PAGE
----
Without volunteer labor and ministry, our churches would not exist. The recruitment and retention of volunteers should be one of the highest priorities of church leaders.
While we typically honor our paid labor force on Labor Day, I want to take the opportunity to focus on volunteer labor in our congregations. Specifically, I want to share with you ten ways the most effective churches are recruiting and retaining volunteers. In many cases, they have more than doubled the success of those churches where these approaches are not taken.
- Tie their work to the vision of the church. First, the church must have a clear and compelling vision. Then leaders should redundantly express how different volunteer ministries tie to that vision. Such a clarification gives purpose to the work of the volunteers. And without purpose, volunteer ministries struggle.
- Consider recruiting with specific end dates. If possible, recruit volunteers with a definitive term. They are much more likely to say “yes” if they know they will have a time when the work is done. At that time, they can renew their commitment or move to another area of passion.
- Recruit toward a member’s passion. Find out areas where members are already passionate and gifted. If not, you will have to recruit with compulsion or guilt. Volunteers recruited in that manner are not only likely to quit their work at the church; they are also likely to leave the church altogether.
- Honor your volunteers at least once a month. A number of churches have annual ministry appreciation banquets. That’s not sufficient. Leaders should find ways, even if it’s as simple as a phone call or email or letter, to honor volunteers at least monthly.
- Volunteer recruitment and retention should be the priority of the pastor. While pastors should by no means do all the work, they should make certain it is a priority focus of their ministries.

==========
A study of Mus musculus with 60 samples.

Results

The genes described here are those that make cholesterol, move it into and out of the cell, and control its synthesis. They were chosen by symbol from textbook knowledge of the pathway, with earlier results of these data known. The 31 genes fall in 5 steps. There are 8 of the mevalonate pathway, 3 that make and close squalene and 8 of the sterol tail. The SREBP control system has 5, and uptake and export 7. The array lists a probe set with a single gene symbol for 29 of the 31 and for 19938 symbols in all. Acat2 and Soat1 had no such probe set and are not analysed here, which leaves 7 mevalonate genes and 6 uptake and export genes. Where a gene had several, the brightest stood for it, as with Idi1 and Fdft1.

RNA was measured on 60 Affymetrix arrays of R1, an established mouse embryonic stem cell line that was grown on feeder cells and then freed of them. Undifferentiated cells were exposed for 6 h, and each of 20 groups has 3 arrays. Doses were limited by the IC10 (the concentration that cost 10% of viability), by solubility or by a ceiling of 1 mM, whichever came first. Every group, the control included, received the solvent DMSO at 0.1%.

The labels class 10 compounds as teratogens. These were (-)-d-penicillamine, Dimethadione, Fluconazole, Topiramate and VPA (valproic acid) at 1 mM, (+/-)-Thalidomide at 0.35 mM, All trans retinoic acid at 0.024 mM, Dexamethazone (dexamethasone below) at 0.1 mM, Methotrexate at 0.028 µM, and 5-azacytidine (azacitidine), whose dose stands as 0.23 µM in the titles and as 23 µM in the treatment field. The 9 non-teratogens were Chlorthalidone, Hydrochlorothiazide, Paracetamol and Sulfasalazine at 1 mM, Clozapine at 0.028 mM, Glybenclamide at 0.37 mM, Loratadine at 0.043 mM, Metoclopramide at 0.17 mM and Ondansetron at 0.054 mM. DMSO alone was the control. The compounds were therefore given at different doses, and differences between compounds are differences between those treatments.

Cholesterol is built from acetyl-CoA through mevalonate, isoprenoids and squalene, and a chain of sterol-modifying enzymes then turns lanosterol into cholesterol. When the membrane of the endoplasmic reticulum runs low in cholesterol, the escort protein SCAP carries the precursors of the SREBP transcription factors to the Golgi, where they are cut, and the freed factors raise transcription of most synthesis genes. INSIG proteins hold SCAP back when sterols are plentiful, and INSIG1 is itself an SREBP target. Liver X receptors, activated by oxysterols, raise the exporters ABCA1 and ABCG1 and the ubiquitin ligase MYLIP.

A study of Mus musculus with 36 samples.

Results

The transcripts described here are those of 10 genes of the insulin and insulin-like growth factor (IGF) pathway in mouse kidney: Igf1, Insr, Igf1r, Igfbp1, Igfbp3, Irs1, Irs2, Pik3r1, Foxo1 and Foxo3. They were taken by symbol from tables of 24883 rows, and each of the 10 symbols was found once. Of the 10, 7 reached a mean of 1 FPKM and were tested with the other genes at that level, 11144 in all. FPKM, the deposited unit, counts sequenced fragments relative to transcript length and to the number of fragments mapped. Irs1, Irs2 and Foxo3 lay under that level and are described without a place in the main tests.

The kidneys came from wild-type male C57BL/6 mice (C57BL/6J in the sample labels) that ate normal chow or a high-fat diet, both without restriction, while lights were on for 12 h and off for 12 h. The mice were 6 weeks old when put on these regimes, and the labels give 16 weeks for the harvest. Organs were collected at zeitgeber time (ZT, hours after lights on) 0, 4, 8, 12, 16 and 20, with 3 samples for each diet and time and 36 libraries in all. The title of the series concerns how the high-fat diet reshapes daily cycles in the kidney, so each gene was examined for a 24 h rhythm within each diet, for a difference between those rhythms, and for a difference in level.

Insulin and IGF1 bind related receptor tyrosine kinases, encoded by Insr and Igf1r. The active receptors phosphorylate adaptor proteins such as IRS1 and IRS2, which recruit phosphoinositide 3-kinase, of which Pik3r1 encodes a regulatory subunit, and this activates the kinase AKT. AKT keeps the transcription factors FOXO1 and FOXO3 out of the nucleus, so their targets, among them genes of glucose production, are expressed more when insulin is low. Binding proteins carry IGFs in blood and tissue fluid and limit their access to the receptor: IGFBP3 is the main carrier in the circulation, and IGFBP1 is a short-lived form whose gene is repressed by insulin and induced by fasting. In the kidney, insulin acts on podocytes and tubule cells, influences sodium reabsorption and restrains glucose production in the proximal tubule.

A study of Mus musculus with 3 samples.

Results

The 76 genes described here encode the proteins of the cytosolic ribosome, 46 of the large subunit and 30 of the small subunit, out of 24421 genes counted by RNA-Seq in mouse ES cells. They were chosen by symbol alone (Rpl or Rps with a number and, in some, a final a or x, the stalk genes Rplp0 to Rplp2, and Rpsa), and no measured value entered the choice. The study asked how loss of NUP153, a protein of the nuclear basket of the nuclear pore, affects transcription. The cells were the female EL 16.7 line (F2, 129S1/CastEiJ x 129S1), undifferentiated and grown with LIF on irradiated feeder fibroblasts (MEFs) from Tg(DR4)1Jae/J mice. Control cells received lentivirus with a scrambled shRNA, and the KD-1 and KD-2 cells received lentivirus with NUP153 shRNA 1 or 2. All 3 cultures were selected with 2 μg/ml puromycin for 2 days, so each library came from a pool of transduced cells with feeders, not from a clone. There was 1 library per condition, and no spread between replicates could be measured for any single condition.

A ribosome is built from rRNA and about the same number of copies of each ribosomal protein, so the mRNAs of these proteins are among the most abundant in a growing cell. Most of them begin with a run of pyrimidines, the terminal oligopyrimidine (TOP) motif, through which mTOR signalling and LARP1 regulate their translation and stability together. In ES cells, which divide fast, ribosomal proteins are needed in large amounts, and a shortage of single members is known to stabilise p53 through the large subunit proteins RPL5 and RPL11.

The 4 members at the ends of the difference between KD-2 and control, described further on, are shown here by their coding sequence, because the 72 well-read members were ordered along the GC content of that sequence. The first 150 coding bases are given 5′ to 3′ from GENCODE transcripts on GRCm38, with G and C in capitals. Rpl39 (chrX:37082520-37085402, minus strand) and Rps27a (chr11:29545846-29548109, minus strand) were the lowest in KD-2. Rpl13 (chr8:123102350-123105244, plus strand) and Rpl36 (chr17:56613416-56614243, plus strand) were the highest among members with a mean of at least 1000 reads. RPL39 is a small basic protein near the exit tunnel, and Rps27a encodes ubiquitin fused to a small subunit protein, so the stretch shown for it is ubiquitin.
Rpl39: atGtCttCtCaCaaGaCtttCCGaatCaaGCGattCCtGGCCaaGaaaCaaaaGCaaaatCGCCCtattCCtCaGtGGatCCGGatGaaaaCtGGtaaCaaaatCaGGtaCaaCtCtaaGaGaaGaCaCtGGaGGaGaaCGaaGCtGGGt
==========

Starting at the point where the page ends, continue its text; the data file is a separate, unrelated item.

- Get your best leaders to oversee volunteer recruitment and retention. It’s just too important to hope oversight happens without strategy. Your best leaders should have the responsibility of oversight of these ministries.
- Communicate openly and frequently with volunteers. Indeed, a clear strategy should be in place for such communication. That is one reason why number 6 is so important.
- Recruit through relationships. Strategically ask people who already have healthy established relationships to work together in a ministry. Those relationships will be vital in keeping people motivated. After all, we all prefer to work with people we like.
- Provide periodic checkups. A critical part of the communication process should be a checkup to see how each volunteer is doing. It should be open, transparent, affirming, and non-threatening.
- Allow volunteers to quit honorably. Burnout is always a possibility. Members may discover that their ministry is actually a bad fit for them. They should have the prerogative of quitting, taking a break, or finding a new area of passion.
On this Labor Day, I honor all those church volunteers who give, go, and serve sacrificially. You are truly the heroes of our congregations.
Let me hear from you about your church’s approach to volunteer recruitment and retention. We all can learn from both your successes and failures.
How do you honor your volunteers? What methods of recruitment work best in your ministries?